GENEVA – The International Air Transport Association (IATA) announced global passenger traffic results for February showing continuing strong demand growth for domestic and international travel. Total revenue passenger kilometers (RPKs) rose 8.6%, compared to the same month last year. Monthly capacity (available seat kilometers or ASKs) increased by 9.6%, and load factor declined 0.7 percentage points to 77.8%.
“In the first two months of 2016, demand for passenger connectivity is off to its strongest start in eight years. However, February was the first month since the middle of 2015 in which capacity growth exceeded demand, which caused the global load factor to decline. It is unclear whether this signals the start of a generalized downward trend in load factor, but it bears watching,” said Tony Tyler, IATA’s Director General and CEO.
International Passenger Markets
February international passenger demand rose 9.1% compared to February 2015, which was an increase over the 7.3% yearly increase recorded in January. Airlines in all regions recorded growth. Total capacity climbed 9.9%, causing load factor to slip 0.6% percentage points to 76.6%.
European carriers saw February demand increase by 7.7% compared to a year ago. Traffic has recovered following disruptions in the 2015 fourth quarter related to airline strikes and the shutdown of Transaero in Russia. Capacity climbed 7.8% and load factor dipped 0.1 percentage points to 78.3%.
Asia-Pacific airlines’ February traffic rose 11.2% compared to the year-ago period. Capacity increased 10.3% and load factor climbed 0.7 percentage points to 78.3%. Comparisons with 2015 are distorted by the timing of the Lunar New Year celebrations, which took place in February this year. Slower economic growth in many of the region’s economies has been at least partly offset by the 7.3% increase in the number of direct airport connections within the region, which has helped to stimulate passenger demand.
North American airlines’ traffic climbed 3.6%, which was the slowest among the regions and was exceeded by a capacity expansion of 4.8%. In turn, this caused load factor to fall 0.9 percentage points to 75.9%. US airlines have been focusing on the larger and more robust domestic market, although that market is showing signs of slowing in recent months.
Middle East carriers had an 11.3% demand increase in February compared to a year ago. This was exceeded, however, by a 16.9% rise in capacity that caused load factor to drop 3.7 percentage points to 73%. Traffic growth has now lagged capacity growth for six consecutive months.
Latin American airlines saw February traffic jump 10.4% compared to February 2015. Capacity increased by 10.1%, boosting load factor 0.2 percentage points to 79.8%, highest among the regions. Domestic passenger demand remains under pressure from economic difficulties in the region’s biggest economies, but this seems not to be affecting business-related international travel.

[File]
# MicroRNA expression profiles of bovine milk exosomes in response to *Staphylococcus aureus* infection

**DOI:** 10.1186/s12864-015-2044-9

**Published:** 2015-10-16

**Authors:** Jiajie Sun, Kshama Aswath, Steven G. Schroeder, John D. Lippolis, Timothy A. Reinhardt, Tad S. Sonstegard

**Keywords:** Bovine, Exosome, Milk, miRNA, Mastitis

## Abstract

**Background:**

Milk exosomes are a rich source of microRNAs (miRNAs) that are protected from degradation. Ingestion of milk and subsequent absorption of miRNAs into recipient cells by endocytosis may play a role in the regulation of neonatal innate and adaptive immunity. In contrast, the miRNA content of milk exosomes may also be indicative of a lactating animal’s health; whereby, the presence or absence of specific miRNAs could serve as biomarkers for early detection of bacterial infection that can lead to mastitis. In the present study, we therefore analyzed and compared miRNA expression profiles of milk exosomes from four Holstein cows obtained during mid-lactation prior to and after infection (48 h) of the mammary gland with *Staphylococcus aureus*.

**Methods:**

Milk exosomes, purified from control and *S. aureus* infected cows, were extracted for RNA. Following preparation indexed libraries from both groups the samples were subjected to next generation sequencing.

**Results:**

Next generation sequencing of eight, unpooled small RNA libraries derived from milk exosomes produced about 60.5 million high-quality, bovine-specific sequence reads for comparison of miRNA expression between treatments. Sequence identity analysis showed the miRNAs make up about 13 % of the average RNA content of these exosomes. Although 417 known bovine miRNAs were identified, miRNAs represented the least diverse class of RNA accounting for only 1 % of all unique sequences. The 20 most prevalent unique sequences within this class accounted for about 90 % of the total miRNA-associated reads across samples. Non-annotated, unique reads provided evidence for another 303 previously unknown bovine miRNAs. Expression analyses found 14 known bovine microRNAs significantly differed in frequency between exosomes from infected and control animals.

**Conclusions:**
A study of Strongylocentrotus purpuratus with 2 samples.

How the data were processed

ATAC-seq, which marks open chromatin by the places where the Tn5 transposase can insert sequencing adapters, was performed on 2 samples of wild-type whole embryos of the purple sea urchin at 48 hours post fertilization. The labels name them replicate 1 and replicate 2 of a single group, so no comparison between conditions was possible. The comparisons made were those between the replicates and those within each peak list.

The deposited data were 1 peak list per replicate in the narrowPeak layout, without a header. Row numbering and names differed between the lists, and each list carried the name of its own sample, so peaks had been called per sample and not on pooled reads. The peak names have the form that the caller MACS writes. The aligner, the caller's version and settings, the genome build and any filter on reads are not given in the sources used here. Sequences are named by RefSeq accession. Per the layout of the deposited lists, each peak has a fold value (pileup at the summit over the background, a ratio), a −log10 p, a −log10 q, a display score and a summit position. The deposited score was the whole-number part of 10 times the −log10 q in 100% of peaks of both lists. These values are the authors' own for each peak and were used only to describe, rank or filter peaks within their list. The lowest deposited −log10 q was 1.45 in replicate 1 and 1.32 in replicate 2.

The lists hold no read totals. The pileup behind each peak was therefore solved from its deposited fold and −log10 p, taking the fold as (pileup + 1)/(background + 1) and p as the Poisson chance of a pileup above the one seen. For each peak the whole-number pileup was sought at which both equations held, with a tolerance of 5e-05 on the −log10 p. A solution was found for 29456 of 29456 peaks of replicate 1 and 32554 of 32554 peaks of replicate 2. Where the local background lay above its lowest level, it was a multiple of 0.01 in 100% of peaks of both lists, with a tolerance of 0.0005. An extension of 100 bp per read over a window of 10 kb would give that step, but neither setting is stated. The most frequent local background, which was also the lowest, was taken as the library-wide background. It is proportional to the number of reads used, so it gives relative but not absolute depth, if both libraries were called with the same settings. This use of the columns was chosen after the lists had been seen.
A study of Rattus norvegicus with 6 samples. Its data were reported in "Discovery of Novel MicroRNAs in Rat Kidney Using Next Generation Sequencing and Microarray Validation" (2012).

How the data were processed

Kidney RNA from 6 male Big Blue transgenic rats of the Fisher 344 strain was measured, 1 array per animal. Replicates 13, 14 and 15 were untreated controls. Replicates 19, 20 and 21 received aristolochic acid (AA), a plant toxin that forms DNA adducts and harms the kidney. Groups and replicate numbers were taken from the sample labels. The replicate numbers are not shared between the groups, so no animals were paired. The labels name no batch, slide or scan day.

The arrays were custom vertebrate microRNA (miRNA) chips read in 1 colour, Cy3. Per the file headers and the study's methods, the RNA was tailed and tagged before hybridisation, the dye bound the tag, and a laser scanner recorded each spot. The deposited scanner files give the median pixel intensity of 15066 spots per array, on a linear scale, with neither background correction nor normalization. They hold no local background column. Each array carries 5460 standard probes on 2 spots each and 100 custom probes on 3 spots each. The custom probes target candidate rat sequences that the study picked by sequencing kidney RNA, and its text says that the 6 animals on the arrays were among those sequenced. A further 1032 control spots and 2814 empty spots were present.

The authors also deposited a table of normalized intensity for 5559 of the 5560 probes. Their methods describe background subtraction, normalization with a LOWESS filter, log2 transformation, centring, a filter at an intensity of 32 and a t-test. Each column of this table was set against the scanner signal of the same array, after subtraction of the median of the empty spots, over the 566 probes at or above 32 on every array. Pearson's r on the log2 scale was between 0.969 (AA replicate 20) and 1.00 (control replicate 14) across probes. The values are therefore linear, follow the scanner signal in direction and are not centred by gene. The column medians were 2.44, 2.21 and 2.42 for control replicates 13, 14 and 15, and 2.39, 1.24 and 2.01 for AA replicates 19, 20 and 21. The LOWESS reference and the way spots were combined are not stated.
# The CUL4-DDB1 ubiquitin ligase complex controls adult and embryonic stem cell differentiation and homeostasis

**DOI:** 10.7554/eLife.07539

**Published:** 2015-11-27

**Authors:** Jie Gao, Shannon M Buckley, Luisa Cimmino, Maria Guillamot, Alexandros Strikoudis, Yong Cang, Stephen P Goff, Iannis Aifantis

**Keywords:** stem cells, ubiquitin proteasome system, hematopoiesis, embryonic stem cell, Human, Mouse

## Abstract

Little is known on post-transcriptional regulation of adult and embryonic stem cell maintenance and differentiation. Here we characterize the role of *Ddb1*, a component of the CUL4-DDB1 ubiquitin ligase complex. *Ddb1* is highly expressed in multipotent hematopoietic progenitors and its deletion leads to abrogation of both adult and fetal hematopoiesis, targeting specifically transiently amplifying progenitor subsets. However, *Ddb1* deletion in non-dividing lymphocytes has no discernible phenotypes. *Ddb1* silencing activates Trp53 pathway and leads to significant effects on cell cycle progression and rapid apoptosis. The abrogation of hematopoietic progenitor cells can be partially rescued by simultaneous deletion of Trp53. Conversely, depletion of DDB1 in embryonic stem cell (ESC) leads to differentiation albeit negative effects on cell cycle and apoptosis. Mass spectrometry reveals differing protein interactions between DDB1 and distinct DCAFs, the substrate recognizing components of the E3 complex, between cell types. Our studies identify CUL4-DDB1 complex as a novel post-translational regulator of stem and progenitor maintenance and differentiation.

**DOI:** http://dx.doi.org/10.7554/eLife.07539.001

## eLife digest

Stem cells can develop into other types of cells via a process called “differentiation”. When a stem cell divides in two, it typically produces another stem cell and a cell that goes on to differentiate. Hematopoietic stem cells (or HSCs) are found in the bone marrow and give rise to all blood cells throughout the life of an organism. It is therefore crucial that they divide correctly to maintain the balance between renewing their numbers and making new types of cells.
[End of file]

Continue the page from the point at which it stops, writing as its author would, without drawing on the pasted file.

African airlines posted the strongest demand growth among the regions with February traffic up 12.7% compared to a year ago. The pick-up indicates that carriers here are regaining market share through efforts to rationalize networks and enhance revenue management systems, after several difficult years. It also aligns with a jump in exports from Africa. Capacity rose 13.4%, and load factor slipped 0.4 percentage points to 63.7%.
Domestic Passenger Markets
Domestic travel demand rose 7.9% in February compared to February 2015, which was an increase over growth of 6.9% in January. All markets except Brazil showed growth, with the strongest increases occurring in India, the US and China. Domestic capacity climbed 9.0%, and load factor fell back.0.8 percentage points to 79.7%.
India led all domestic markets again with a 24.6% year-on-year growth, supported by the strong economic backdrop, as well as notable increases in services. This trend is expected to continue with flight frequencies in 2016 scheduled to increase by 11.5% year-on-year.
Brazil’s domestic market decline may be starting to bottom out but the highly uncertain economic and political outlook could pose challenges for airlines in the near-term.
The Bottom Line
“On March 22 we had a grim reminder that transportation—including aviation—remains a target for terrorism. The attacks in Brussels were an attack on humanity—a terrible tragedy—that was met with resilience. The subway is back in operation. And the airport is working hard to return to normal operations that will reconnect Europe’s capital with the world. Aviation is a force for good. And we are once again proving that terrorists will never succeed in destroying the fundamental urge of people to travel, explore and learn about the world,” said Tyler.